Murder and revolution

The situation in Egypt has gotten worse yet again:

More than 50 supporters of Egypt’s ousted president were killed by security forces Monday in one of the deadliest single episodes of violence in more than 2 ½ years of turmoil. The toppled leader’s Muslim Brotherhood called for an uprising, accusing troops of gunning down protesters, while the military blamed armed Islamists for provoking its forces.

The early morning carnage at a sit-in by Islamists outside the Republican Guard headquarters, where ousted President Mohammed Morsi was first held last week, further entrenched the battle lines between the ousted president supporters and his opponents. The uproar weakened the political coalition that backed the military’s removal of the country’s first freely elected leader.

Far away in Honduras, they’re worried that

Ousted four years ago in a coup, former Honduran leader Manuel Zelaya is angling for a return to the presidential palace, once more setting up a proxy fight in this country between Latin America’s left and right.

Zelaya isn’t eligible to run in the Nov. 24 presidential election. But his wife, Xiomara Castro de Zelaya, formally launched her campaign last month and has a narrow lead in polls. The couple say she’ll carry forward with Zelaya’s Venezuela-backed tilt toward “democratic socialism,” the course that put him at odds with conservative elites and ended with his forced expulsion in June 2009.

Zelaya said his wife was not available for an interview because she was recovering from knee surgery. But in a recent speech to supporters, she said Honduras had become “a sanctuary of paramilitaries and drug traffickers, where justice is bought and sold,” and described the country as stricken by “debt, poverty, death, systematic human rights violations and the murder of journalists, peasants, lawyers, students and businessmen.”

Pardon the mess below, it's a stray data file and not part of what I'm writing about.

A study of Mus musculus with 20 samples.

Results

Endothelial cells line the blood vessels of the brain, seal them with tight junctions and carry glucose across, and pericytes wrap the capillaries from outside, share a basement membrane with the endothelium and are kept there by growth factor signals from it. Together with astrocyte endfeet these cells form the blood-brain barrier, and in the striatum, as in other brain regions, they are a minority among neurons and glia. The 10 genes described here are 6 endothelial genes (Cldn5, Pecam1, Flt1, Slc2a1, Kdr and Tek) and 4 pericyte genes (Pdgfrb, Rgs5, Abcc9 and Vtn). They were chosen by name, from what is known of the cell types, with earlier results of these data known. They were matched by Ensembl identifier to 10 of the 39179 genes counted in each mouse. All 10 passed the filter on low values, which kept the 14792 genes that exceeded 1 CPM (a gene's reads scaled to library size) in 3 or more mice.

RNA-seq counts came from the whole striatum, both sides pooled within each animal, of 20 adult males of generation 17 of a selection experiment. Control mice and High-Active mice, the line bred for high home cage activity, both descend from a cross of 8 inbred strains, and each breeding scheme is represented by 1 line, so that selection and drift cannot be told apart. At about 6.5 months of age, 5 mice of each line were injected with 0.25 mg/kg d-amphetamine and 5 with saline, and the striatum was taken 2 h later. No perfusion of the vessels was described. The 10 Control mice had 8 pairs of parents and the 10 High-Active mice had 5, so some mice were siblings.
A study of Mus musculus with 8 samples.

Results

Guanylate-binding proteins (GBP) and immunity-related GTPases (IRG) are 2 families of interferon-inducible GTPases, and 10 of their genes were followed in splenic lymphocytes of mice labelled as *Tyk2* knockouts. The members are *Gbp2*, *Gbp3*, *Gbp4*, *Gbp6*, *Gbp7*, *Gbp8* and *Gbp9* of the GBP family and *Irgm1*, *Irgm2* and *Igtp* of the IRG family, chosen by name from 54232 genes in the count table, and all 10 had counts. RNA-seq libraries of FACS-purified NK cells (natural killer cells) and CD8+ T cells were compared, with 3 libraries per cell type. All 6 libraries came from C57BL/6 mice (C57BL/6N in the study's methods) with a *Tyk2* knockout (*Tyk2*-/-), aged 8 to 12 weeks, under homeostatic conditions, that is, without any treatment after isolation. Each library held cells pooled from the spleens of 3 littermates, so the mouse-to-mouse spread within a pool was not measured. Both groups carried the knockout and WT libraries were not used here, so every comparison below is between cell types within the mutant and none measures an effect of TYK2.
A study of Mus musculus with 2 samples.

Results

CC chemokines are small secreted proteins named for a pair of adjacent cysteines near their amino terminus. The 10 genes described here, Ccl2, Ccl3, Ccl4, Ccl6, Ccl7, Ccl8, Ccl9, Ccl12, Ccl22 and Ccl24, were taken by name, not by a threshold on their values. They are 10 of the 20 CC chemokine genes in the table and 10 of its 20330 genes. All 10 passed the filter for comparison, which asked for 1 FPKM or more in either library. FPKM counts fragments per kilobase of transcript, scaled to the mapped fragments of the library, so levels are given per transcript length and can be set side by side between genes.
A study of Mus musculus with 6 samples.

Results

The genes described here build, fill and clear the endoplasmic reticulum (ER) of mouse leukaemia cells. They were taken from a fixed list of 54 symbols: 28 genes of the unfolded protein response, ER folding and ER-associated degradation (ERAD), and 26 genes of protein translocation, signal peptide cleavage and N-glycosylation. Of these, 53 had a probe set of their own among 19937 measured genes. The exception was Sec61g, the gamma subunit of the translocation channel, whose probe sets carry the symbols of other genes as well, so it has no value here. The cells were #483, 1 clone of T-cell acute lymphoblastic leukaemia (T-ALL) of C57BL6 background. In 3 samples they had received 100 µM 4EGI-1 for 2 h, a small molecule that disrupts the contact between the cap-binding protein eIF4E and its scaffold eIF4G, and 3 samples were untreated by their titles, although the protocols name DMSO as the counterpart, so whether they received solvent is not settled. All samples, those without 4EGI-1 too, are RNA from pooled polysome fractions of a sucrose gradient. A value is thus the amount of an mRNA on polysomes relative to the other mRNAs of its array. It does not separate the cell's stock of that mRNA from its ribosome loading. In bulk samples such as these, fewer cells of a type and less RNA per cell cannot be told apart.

Castro and Zelaya say they want to wrest power from the military and wealthy elites and give it to the people through greater “participation.”

“Xiomara is going to give Honduran women a place in society that has always been denied to them,” Zelaya said.

So, they are both countries that have been wracked by revolution in the past few years but the amount of violence is much worse in Honduras despite the fact that the revolution there happened in 2009. The murder rate in Egypt in 2009 (the last year given) was 1.2 per 100,000 for a total of 992 murders. In Honduras the in 2011 was 91.6 per 100,000 for 7104 murders, the highest rate in the world (the rate in 2009 was 70.7). Given that the population of Egypt is about ten times the population of Honduras, the rate in Honduras would mean 70,000 murders per year. The terrible things going on in Egypt would be barely a blip on the murder rate in Honduras. That’s a sad commentary on the state of the Central American countries.